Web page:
Maturing technology, combined with mounting pressure on global supply chains, means the previous trend of “ever cheaper” renewables “may be at an end.”

Renewable UK issued the warning as it released a new manifesto for achieving the government’s aim of creating net zero power grid by 2035.

“The ever-downward trajectory of prices can no longer be taken for granted and there is increasing concern about sustainability in the market,” stated chief executive Dan McGrail in the foreword to the report.

The trade body said although the Contracts for Difference (CfD) scheme has been successful in delivering new renewable capacity, the current market arrangements may not be sufficient to fully decarbonise the electricity system by middle of the next decade, as surging global demand for offshore wind is increases competition for investment and puts pressure on supply chains.

It therefore called for an “evolution” of the CfD mechanism as part of the government’s planned Review of Energy Market Arrangements to incentivise long-term capital investment in major projects, build up supply chains and continue the provision of clean electricity at low and stable prices.

The report said this could entail “a shift to a greater focus on payment based on availability to link the mechanism more directly with the Capacity Market and sharpen incentives for generators to respond to short-term market signals.”

The report also urged the government to ensure CfD auction parameters maximise the deployment of low-carbon generation, saying it should work with The Crown Estate to outline forward plan for the 2020s that set outs how the auctions will be aligned with leasing rounds.

It said the functioning of the pot 2 auctions should be reviewed to ensure they are able to support the development of less mature technologies such as floating wind and marine power.

Other recommendations for the government include:

  • Considering the creation of centralised regulatory authority for consenting and licencing to streamline offshore wind development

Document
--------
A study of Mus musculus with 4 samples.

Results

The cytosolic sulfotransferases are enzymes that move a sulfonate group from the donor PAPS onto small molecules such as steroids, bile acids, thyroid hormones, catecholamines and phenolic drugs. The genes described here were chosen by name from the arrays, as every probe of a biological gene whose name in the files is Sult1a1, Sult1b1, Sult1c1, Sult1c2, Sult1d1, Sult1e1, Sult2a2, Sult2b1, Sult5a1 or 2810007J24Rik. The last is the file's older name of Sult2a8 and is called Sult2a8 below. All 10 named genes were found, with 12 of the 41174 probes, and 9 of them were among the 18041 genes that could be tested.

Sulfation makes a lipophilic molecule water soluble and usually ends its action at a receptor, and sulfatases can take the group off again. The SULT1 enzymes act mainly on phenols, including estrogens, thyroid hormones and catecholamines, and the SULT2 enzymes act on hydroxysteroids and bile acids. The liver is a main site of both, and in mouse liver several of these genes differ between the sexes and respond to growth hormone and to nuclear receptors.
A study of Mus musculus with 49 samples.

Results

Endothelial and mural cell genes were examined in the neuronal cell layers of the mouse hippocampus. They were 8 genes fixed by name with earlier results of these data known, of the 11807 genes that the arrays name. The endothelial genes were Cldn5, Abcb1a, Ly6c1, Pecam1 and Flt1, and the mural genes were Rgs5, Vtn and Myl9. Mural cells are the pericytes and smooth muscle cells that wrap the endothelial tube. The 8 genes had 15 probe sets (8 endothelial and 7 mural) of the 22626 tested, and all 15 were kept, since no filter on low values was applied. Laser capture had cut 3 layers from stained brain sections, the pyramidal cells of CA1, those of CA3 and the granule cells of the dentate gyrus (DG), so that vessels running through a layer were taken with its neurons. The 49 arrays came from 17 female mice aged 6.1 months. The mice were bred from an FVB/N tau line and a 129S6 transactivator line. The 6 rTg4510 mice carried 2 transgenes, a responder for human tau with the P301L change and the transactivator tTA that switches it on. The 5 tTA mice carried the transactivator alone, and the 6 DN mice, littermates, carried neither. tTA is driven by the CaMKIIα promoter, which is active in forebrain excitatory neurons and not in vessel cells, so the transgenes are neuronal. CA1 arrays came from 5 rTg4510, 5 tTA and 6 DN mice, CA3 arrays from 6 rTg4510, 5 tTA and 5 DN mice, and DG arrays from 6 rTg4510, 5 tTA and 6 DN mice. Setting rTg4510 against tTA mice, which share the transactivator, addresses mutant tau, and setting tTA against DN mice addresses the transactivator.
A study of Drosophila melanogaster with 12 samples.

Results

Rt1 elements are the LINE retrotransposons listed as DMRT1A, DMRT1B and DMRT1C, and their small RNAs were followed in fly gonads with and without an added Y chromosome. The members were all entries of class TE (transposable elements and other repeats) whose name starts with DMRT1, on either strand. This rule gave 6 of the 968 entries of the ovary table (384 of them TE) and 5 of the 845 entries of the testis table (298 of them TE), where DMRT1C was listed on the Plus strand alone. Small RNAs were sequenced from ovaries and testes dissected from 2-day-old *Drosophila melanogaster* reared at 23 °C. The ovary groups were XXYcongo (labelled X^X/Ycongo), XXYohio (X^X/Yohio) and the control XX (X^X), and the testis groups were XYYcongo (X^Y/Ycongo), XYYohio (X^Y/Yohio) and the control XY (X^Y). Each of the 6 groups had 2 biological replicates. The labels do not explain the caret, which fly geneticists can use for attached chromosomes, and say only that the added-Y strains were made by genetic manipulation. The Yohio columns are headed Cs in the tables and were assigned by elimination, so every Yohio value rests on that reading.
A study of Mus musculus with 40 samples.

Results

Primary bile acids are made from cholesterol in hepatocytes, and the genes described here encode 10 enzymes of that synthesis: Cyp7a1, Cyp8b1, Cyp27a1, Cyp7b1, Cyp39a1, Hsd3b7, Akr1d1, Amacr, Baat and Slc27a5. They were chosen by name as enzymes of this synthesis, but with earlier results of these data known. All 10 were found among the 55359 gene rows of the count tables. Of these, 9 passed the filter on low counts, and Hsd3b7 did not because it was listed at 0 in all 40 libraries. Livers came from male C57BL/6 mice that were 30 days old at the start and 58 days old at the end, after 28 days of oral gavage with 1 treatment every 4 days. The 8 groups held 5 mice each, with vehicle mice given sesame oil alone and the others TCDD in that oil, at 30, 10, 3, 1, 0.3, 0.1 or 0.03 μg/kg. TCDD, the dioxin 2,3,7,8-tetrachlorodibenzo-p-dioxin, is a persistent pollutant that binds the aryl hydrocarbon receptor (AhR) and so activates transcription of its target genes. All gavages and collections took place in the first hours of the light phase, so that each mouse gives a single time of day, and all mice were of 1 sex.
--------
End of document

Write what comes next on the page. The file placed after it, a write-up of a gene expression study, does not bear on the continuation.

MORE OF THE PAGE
• Using the existing Offshore Transmission Network Review to establish a long-term solution for planning integrated offshore grid infrastructure post 2030
  • Leading the development of a comprehensive strategic plan for the marine environment that outlines trade-offs between different seabed users
  • Considering new policies to make the UK more attractive for investment in supply chains, for example, creating offshore wind enterprise zones where businesses can qualify for tax relief or credits
  • Conducting a formal review of how the education and skills framework can support the net zero transition
  • Updating Ofgem’s remit to include a legal duty to deliver the 2050 net zero target
  • Designing the new onshore communities to scheme to maximise deployment where there is local support
  • Providing innovation funding and a clear route to market for long-duration storage
  • Developing a ‘Just Transition Strategy’ to ensure “no one and nowhere is left behind”
  • Updating the Smart Systems and Flexibility Plan once every two years
  • Reviewing research and development funding levels to ensure the renewable sector receives similar support to other key industries

“Speed and scale are key: we must revolutionise the rate at which we build new projects onshore and offshore,” commented McGrail

“Working closely with government and local communities, we need to transform the way we plan and regulate our energy system, to make the UK the best place to invest in by reforming the CfD mechanism. This will help us to develop our supply chains and build up whole new industries in innovative technologies like floating wind technology and green hydrogen, which we can export worldwide.

“If we get this right, we can attract £200 billion in private investment and deliver over 120,000 jobs in wind energy alone over the course of this decade”.

Alongside the report, Renewable UK also announced the appointment of Jane Cooper as its director of offshore wind. She is currently director of regulatory and external affairs at Orsted and will take up the newly created position in September.

Cooper will lead a team delivering the Offshore Wind Sector Deal agreed with the government in 2019, which she was closely involved in developing, as well as the wider Offshore Wind Industry Council programme.

“Delivering the Offshore Wind Sector Deal was a pivotal moment for the industry and I am really excited to be joining Dan and his fantastic team at Renewable UK to continue the work we in the industry started three years ago, as we step up to meet the new government ambition,” said Cooper.